Cost Implications of Athlete ECG Screening Criteria
What are the cost implications of electrocardiographic (ECG) screening in athletes according to the 2010 European Society of Cardiology (ESC) recommendations, and the Seattle and refined interpretation criteria?
Between 2011 and 2014, 4,925 previously unscreened athletes, ages 14-35 years, were prospectively evaluated with history, physical examination, and ECG (interpreted with the 2010 ESC recommendations). Athletes with abnormal results underwent secondary investigations, the costs of which were based on UK National Health Service Tariffs. The impact on cost after applying the Seattle and refined criteria was retrospectively evaluated.
Overall, 1,072 (21.8%) athletes had an abnormal ECG based on 2010 ESC criteria; 11.2% required echocardiography, 1.7% exercise stress test, 1.2% Holter, 1.2% cardiac magnetic resonance imaging, and 0.4% other tests. The Seattle and refined criteria reduced the number of positive ECGs to 6.0% and 4.3%, respectively. After testing, 15 (0.3%) athletes were diagnosed with potentially serious cardiac disease using all three criteria. The overall cost of de novo screening using 2010 ESC recommendations was $539,888 ($110 per athlete and $35,993 per serious diagnosis). The Seattle and refined criteria reduced the cost to $92 and $87 per athlete screened and $30,251 and $28,510 per serious diagnosis, respectively.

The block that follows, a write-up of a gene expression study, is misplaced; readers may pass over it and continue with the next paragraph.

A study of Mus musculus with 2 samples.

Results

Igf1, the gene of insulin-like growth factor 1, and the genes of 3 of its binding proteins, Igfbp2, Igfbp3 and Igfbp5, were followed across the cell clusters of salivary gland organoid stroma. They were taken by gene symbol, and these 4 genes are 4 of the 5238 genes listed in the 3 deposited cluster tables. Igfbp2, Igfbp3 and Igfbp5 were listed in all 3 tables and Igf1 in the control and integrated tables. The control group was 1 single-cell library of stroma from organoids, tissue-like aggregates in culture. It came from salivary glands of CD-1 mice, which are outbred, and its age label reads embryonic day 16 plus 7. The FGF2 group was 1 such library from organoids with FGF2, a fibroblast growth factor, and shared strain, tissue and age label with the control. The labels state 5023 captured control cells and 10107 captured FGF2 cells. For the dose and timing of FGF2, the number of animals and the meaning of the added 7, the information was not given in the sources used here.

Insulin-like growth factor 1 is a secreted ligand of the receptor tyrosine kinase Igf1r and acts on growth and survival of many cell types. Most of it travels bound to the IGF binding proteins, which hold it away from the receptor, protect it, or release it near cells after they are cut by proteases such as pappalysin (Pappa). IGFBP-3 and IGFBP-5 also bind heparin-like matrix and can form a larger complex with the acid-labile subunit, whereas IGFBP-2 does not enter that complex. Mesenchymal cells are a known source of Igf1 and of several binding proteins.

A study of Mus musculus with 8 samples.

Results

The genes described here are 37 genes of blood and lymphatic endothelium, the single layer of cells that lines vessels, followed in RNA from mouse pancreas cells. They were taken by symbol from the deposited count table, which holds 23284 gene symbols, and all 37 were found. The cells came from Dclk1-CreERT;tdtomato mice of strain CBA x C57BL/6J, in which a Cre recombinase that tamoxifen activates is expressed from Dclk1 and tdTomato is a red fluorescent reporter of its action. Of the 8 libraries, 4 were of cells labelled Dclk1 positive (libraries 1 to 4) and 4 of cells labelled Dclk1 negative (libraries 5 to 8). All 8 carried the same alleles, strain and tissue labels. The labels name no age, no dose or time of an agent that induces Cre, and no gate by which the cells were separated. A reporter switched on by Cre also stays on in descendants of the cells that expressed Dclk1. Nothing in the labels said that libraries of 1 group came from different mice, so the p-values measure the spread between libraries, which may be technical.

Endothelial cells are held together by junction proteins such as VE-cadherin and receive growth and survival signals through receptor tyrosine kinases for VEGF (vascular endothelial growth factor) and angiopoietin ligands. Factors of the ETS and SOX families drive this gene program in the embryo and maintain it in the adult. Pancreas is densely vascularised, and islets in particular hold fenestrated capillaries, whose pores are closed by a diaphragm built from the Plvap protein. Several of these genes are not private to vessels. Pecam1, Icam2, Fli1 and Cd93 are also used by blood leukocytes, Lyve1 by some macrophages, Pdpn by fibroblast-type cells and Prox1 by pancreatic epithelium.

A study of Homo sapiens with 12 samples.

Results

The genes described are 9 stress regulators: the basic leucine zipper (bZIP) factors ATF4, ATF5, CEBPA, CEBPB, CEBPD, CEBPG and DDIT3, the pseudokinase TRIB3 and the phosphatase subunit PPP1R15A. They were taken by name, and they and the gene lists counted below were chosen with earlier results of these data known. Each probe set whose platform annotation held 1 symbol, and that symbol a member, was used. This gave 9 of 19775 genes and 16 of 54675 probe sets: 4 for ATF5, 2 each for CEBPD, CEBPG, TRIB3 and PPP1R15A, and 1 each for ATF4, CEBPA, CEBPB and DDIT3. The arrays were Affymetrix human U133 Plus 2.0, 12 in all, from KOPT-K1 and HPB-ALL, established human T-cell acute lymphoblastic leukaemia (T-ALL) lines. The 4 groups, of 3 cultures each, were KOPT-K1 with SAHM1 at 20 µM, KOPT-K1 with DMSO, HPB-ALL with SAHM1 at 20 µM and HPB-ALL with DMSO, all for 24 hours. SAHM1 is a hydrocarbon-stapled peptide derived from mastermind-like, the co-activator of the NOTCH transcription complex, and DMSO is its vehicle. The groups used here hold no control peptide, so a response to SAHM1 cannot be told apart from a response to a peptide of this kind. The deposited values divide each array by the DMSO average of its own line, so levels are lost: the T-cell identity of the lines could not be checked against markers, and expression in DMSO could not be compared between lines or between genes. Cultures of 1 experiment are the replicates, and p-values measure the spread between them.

Contemporary ECG interpretation criteria decrease costs for de novo screening of athletes, which may be cost permissive for some sporting organizations.
High false-positive rates and cost of additional investigations is an obstacle to routine ECG screening of young athletes for cardiac disease. The use of refined criteria for ECG interpretation that are more specific to the detection of cardiac disease in athletes helps lower the cost of additional testing. Of paramount importance is the use of established ECG criteria specific to athletes.